Lateral.ly, a start-up co-founded by a former attorney from a major law firm, is looking to upend an ubiquitous player in the legal market: the headhunter.
Headhunters have long been known to cold-call lawyers — particularly those at firms undergoing upheaval — hoping to place them at other firms and get a cut of the attorneys’ salary for their role in brokering the move. The model has been the dominant way that many lawyers find out about jobs at other firms, and the way that law firms find candidates to fill openings.
Lateral.ly, which launches today after months of beta testing, is aiming to replace the middleman with technology. It is similar to online dating for the legal business. Lawyers create their own online profiles with their geographical location, objectives and years of experience, and Lateral.ly connects them with firms that are looking to hire attorneys with the same background and objectives. The San Francisco-based start-up is currently matching up attorneys with large law firms in California, New York and Washington, but hopes to expand both geographically and to include small and mid-size firms and in-house legal departments.
Only firms that attorneys have explicitly chosen to apply to can view their profile — in other words, their own employer will not be able to see their profile.
The service is free for attorneys and law firms to sign up. Lateral.ly has partnered with a number of large U.S.-based law firms — including Skadden, Paul Hastings, Weil Gotshal, Kirkland & Ellis, Latham, Orrick, Irell & Manella, Jones Day, Baker McKenzie and Wilson Sonsini — and have signed up more than 1,000 attorneys to be part of the network.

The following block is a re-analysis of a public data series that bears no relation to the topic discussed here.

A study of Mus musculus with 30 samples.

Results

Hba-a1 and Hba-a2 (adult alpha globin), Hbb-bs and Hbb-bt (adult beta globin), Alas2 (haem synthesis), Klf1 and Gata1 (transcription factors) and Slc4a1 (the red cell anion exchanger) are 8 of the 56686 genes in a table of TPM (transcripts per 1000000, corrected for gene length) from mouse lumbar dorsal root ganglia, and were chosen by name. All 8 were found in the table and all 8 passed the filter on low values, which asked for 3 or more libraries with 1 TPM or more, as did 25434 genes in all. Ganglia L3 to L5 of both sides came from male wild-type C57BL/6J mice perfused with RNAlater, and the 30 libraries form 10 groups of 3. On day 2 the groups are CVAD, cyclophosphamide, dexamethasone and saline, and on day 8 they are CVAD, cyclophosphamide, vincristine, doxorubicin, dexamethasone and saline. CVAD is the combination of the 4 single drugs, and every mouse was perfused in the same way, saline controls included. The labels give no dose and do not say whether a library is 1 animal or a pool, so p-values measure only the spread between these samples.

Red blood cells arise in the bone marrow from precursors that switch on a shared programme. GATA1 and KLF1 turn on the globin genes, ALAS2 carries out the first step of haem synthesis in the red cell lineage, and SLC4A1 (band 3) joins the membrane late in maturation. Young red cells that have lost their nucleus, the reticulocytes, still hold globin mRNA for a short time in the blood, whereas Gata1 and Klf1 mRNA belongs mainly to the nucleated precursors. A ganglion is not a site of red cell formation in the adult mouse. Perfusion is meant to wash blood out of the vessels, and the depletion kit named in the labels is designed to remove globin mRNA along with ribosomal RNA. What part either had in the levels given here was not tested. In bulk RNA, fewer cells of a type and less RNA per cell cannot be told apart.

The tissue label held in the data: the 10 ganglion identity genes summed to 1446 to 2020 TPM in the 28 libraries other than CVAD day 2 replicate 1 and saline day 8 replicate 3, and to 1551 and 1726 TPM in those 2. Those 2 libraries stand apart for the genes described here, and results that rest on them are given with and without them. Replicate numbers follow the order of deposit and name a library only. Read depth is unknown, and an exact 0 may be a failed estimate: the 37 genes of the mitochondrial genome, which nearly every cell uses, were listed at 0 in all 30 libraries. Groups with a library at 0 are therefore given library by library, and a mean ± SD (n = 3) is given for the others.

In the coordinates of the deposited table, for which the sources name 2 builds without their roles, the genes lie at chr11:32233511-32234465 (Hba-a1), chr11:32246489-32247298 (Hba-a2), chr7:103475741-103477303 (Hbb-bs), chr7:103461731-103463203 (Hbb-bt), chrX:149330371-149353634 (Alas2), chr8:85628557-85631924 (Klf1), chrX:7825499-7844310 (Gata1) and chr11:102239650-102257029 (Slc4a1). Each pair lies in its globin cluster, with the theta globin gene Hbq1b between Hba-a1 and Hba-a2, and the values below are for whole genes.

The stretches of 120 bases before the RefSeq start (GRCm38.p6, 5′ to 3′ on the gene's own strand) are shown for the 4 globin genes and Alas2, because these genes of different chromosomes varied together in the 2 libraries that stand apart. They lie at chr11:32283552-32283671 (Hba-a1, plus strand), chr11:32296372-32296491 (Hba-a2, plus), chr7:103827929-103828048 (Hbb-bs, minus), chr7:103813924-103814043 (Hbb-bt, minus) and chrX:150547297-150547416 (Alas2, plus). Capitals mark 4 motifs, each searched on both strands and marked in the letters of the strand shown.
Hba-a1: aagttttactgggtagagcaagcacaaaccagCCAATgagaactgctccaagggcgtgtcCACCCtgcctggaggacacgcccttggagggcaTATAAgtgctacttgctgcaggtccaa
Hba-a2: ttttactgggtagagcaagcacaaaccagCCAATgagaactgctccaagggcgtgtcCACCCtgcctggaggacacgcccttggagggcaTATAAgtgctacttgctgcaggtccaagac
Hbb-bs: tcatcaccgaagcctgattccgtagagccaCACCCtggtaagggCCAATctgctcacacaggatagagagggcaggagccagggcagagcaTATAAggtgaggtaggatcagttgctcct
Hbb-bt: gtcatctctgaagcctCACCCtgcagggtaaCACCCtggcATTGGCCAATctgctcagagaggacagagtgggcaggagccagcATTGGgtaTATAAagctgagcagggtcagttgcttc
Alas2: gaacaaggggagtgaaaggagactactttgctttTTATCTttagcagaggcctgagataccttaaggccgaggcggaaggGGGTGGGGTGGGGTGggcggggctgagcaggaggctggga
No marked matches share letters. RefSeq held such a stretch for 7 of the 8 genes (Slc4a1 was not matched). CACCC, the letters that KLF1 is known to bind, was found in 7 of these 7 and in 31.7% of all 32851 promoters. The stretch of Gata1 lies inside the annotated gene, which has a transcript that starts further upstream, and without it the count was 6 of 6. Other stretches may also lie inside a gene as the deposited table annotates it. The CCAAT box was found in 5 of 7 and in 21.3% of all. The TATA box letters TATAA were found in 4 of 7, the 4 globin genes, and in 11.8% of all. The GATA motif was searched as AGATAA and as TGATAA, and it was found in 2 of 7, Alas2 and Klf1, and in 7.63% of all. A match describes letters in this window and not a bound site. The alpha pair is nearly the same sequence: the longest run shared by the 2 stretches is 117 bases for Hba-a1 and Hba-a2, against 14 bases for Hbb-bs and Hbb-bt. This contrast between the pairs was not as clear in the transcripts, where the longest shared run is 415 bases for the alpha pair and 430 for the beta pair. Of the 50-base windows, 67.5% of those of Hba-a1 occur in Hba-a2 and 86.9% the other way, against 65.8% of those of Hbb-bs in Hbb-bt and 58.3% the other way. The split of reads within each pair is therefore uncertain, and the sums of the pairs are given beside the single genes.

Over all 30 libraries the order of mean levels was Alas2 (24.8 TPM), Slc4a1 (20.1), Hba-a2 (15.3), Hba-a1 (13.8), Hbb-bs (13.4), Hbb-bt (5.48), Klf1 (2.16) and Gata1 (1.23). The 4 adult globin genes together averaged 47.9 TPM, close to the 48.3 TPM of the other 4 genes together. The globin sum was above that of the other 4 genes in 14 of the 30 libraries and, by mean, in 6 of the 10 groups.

“We wanted to make a central platform, one single place where attorneys could find all jobs, and firms could find all the lawyers,” said Audrey Barron, a former litigation associate at Shearman & Sterling who founded Lateral.ly in April with Micah Springut. Springut previously managed Groupon China’s local business unit and worked as a policy analyst in D.C. and Beijing.
Like headhunters, the company earns money by taking a percentage of an attorney’s salary once they have placed them in a new job. But Lateral.ly takes a smaller cut — typically less than the traditional 25 to 30 percent that many headhunters take. Barron declined to specify what that percentage is, other than to say it varies depending on Lateral.ly’s arrangement with the firms.
Barron and Springut got the idea last December when, after being introduced through mutual friends, they were developing Habeas Corp., a separate online platform designed to help in-house counsel find attorneys at law firms who specialize in specific practice areas. They realized that a similar platform was needed for law-firm hiring, as well.
They then enlisted the help of Chief Technology Officer Yiming Liu, a data scientist, and a handful of software developers and engineers to build Lateral.ly’s site.
“We come from a traditional San Francisco start-up perspective, that is what’s helping us bring an outside perspective to the legal industry that has been static and hasn’t seen much innovation in the last 50 years,” Barron said. “We saw a problem that could be solved by building something new.”
Barron declined to share how much in fees Lateral.ly has earned so far, or whether the company has set specific revenue benchmarks. The company has not taken outside funding, she said.
Lateral.ly’s first success story was placing Barron’s roommate, an attorney in San Francisco, who was looking to transition from litigation to corporate work representing emerging companies. She ended up jumping from one law firm to another by using Lateral.ly’s network.